We all learned some weird habits and took on some odd projects during the isolation of the pandemic. Few were as big, or as delightful, as the giant bumper car that Dan Hryhorcoff made in his garage.

Based on the 1953-model bumper cars found at an amusement park in Elysburg, Pennsylvania, called Knoebels, Hryhorcoff’s version measures in at 13 feet long, seven feet wide, and 5.5 feet wide, or twice as large as the genuine article.

To start the project off, then, he had to go to Knoebels. Fortunately, he was allowed to spend eight hours at the park, examining the bumper cars and, crucially, taking measurements, per Popular Science. Back at home, he recreated the body using styrofoam, which was then used to create molds so that he could make the final body out of fiberglass.


Under the hood, as it were, the bumper car uses the engine from a Chevrolet Aveo. However, the front-wheel-drive vehicle’s engine and gear train were moved to back to make this a rear-engine, rear-wheel-drive bumper car.

Meanwhile, Hryhorcoff decided to use the front wheel from a motorcycle. Not only does that give the bumper car a remarkably small turning radius, it also makes it a tricycle as far as the state is concerned.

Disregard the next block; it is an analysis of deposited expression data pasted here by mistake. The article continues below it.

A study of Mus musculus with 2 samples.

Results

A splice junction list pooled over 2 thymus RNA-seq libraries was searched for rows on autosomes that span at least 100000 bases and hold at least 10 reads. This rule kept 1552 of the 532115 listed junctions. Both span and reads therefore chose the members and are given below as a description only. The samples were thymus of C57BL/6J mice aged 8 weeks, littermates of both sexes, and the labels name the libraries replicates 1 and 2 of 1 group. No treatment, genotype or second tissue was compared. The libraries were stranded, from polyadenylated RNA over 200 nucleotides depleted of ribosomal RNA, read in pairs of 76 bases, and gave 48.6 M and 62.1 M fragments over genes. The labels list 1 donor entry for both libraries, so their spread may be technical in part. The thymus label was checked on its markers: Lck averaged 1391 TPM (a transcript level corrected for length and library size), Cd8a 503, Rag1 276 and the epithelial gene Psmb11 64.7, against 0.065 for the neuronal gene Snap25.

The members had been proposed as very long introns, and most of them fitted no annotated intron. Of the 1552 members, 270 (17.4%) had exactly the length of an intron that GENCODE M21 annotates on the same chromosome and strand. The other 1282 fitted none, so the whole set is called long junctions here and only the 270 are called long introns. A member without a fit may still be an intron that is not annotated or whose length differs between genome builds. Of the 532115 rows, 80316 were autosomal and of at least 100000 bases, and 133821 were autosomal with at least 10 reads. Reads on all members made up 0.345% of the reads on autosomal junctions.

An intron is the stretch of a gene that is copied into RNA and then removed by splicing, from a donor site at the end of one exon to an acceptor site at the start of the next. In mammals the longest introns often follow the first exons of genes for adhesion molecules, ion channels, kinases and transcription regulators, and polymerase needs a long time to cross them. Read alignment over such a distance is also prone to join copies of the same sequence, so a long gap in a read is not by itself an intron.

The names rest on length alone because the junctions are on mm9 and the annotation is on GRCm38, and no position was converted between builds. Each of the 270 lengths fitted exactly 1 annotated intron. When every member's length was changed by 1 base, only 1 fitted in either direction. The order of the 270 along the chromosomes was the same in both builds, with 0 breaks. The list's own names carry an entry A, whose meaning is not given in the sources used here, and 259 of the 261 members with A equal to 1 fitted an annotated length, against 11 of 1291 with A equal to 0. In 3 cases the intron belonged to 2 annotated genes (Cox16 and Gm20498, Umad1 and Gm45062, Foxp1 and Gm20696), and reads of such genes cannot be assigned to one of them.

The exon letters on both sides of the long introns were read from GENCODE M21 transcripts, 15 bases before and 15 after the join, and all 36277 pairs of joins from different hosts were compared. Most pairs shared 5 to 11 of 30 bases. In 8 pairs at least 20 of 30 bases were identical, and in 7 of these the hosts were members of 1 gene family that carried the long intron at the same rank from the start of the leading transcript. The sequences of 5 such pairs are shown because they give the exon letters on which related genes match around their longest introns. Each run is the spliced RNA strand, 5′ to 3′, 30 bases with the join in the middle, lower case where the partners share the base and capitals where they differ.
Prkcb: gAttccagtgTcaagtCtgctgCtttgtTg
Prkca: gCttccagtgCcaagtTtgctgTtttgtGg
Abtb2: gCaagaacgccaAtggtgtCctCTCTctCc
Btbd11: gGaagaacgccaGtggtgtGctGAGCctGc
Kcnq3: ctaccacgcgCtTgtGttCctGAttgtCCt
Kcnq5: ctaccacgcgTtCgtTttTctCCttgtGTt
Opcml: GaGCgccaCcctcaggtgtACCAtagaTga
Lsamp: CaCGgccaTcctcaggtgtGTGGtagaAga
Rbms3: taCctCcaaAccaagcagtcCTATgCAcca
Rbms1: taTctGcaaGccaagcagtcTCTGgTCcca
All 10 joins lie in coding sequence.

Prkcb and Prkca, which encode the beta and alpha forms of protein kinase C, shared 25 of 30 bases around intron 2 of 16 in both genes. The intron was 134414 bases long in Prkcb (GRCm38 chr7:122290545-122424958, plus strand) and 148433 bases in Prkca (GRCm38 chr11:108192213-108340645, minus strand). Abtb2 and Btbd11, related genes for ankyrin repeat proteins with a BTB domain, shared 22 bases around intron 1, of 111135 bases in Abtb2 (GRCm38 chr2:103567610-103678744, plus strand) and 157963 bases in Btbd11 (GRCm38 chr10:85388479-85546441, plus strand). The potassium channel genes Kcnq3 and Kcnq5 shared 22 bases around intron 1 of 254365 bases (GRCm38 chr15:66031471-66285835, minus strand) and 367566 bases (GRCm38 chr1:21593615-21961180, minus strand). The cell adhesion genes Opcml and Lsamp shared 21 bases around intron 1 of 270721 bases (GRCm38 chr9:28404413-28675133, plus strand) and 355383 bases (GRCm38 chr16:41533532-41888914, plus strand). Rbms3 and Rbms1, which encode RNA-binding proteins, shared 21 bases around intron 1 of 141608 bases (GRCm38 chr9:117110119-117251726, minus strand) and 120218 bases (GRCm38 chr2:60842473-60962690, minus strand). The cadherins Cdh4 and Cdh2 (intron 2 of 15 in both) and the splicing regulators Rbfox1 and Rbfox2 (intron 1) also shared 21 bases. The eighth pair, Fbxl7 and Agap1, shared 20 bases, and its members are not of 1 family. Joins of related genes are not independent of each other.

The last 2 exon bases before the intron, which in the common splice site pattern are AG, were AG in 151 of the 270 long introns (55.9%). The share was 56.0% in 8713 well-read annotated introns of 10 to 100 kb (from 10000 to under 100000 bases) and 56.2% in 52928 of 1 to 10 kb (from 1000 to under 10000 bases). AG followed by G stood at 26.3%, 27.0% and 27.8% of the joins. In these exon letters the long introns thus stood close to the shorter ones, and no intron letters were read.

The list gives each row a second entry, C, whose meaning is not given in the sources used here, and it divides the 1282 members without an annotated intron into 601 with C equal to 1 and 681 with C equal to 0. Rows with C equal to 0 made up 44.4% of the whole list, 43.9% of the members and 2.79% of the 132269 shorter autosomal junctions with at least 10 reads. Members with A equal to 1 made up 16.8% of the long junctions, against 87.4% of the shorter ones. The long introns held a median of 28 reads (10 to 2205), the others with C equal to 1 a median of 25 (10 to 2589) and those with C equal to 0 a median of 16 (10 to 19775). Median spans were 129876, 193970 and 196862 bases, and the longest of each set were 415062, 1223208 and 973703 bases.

Fully street legal, as you can see in the video below, the bumper car is anything but Hryhorcoff’s first rodeo. Early into his retirement, he decided to make a larger version of the “Murray Sad Face” pedal car from the ’50s. He learned a lot about fiber glassing with that project, which was crucial during the bumper car project.

Hryhorcoff describes himself as an engineer, not an artist, and he owned a machine shop during his working years. Even before that, when he was a kid, he remembers being fascinated with anything mechanical, tinkering with lawn mowers and even building go-karts.

These days, he says he’d prefer to tackle one big project, than a dozen little ones. We can’t wait to see what he comes up with next.